Mayor Kenney’s first 2020 veto reversed in win for Society Hill Civic
Council overrode the veto despite objections from critics who said the regulations set the city back on efforts to create housing and reduce car use.
Mayor Jim Kenney’s first direct veto of City Council legislation — over a bill establishing more restrictive zoning rules for the Society Hill neighborhood — has been reversed by the chamber.
Council overrode the veto despite objections from critics, including Kenney, who said the regulations set the city back on efforts to increase the supply of affordable housing and reduce the use of private cars in Center City.
First District Councilmember Mark Squilla, whose district includes the upscale neighborhood, introduced the legislation to cap the height of development along Walnut Street to just 65 feet, increase parking requirements and eliminate density bonuses granted in exchange for historic preservation. The bill would also limit building heights to 45 feet in some areas of the district spanning from Walnut to Lombard Street between 8th and the Delaware River.
While those provisions were approved unanimously early this month, Kenney later vetoed the legislation last week, describing it as a form of exclusionary zoning.
“Restricting overall development in Society Hill, the overlay will limit the supply of units necessary to meet housing demand,” Kenney wrote in a letter to Society Hill Civic Association, which has fought for the zoning changes.
But at a Thursday Council session, Squilla led a successful motion to reverse the Mayor’s veto — a provision the city’s charter allows with a two-thirds vote in favor — establishing the overlay as law following a thirteen to four vote.
“It doesn’t stop development, it requires a variance to build above whatever those restrictions are,” Squilla said of the overlay, ahead of the override vote. “That enables the community to have a voice.”
Councilmembers Kendra Brooks, Jamie Gauthier, Helen Gym and Isaiah Thomas all voted against the override in an unusual departure from the tradition of councilmanic prerogative that typically allows councilmembers control over land use questions in their districts. All four have made affordable housing a priority, advocating for policy reforms at a time when many neighborhoods are gentrifying with property values and rents rising out of reach for many people in what remains the nation’s poorest large city.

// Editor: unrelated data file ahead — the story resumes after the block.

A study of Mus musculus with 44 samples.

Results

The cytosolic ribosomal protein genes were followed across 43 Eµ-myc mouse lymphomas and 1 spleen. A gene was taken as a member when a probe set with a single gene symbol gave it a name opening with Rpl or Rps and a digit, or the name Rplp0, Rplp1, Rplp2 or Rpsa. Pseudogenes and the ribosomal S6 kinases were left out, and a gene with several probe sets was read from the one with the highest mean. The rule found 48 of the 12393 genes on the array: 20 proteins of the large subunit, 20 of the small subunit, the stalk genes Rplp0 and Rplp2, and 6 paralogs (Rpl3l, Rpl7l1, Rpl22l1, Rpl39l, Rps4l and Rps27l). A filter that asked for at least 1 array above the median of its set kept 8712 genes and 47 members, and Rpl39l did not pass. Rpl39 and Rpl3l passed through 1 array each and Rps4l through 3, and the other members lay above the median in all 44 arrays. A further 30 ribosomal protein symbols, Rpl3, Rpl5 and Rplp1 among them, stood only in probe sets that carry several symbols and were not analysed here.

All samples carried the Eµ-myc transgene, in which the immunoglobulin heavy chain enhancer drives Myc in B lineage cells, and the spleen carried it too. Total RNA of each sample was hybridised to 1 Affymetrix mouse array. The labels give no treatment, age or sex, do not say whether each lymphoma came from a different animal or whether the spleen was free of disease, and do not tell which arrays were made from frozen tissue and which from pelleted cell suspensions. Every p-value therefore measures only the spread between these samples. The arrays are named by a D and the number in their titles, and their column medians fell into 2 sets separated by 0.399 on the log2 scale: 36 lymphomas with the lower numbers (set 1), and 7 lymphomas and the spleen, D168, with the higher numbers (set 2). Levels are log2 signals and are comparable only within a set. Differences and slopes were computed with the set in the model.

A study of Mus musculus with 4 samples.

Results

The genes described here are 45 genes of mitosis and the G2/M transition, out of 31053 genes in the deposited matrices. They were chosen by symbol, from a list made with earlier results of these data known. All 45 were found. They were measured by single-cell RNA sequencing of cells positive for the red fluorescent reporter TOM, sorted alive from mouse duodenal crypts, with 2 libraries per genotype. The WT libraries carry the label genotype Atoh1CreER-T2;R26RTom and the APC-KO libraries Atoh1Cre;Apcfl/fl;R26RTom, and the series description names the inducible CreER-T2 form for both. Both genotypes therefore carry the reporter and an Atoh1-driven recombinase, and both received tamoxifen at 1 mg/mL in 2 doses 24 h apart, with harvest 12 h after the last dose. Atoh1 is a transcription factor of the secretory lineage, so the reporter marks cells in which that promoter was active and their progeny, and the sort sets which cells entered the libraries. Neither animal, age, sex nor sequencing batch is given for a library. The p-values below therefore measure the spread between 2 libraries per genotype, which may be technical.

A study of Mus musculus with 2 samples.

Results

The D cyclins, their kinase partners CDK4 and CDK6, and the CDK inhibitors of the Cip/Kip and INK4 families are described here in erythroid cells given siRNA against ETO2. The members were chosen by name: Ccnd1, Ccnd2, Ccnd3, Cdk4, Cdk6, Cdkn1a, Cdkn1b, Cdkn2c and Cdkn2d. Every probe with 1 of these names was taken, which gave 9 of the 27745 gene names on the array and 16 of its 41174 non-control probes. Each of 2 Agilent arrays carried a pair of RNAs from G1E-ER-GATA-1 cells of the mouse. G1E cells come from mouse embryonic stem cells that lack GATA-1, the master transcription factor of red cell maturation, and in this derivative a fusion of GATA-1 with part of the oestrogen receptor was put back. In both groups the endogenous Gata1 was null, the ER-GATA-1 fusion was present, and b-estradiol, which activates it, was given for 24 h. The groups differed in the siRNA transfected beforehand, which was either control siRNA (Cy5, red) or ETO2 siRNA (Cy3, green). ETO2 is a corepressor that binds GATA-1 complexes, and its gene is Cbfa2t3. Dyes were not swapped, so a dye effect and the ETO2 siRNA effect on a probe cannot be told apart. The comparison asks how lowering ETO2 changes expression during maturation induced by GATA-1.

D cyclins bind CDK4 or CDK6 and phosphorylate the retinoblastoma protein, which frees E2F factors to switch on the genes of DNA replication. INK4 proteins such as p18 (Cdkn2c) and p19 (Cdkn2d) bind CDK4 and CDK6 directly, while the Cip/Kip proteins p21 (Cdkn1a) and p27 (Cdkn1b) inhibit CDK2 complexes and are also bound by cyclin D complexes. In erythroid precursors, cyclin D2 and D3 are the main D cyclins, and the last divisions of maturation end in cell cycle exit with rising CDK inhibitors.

Brooks said she initially supported the bill because she values neighborhood input “in the decisions that impact their community.” But “after hearing from a larger swath of Philadelphians, I became concerned that the bill would favor certain privileged voices while stifling future affordable housing development throughout the city. If we are creating variances to support historic preservation we need to look at the city as a whole in our considerations and not favor wealthy areas,” she said in a statement following her vote.
Gauthier also said she initially supported the rezoning because of the “community engagement” involved but changed her mind after the veto gave her a chance to “vote in a way that reflects my beliefs around equity and inclusion.”
“It is true that density alone is not going to address affordability — but I still see this proposal as exclusionary, and for that reason I felt I could not support it,” Gauthier added.
Society Hill is among the wealthiest neighborhoods in the city and has previously attempted to impose similar zoning restrictions, which were effectively vetoed after Kenney refused to sign the legislation into law.
Like Old City, the neighborhood is home to numerous colonial era-buildings — but also many 20th century urban renewal-era structures, including the 309-foot I.M. Pei-designed Society Hill Towers. But proposals to construct a large hotel and residential towers near the diminutive Merchants’ Exchange Building, a national historic landmark, reignited residents’ interest in a more restrictive zoning overlay.
That push sparked a back-and-forth between the Society Hill Civic Association (SHCA) and groups that favor higher-density zoning as a means of reducing housing costs. Neighbors cast themselves as defending the historic character of the neighborhood, while critics said the legislation was designed to keep poorer residents out of a wealthy area and would make it more difficult to construct affordable housing.
During public comment, Ben She, from the self-described urbanist political action committee Fifth Square, spoke against the veto override. He noted that the overlay was at odds with the city’s own planning documents, which call for added density in wealthy areas to increase housing supply.
“We think this overlay is inherently exclusionary,” She said. “The city’s own Housing Action Plan states that strong market neighborhoods like Society Hill should accept even higher density or facilitate on-site affordable housing.”
SHCA President Larry Spector also spoke, stating that over 700 residents had signed a petition in favor of the veto override. He said the Preservation Alliance and the Independence National Historical Park had backed the bill, and that other areas already imposed height-limiting overlays.
He cast doubt on the notion that allowing more development would help truly alleviate housing costs, pointing to nearby luxury projects that ultimately built fewer units than they were approved for.
“If we really want to insist on affordable housing in all areas of the city, nothing short of mandating affordable units on site is going to do that,” he said.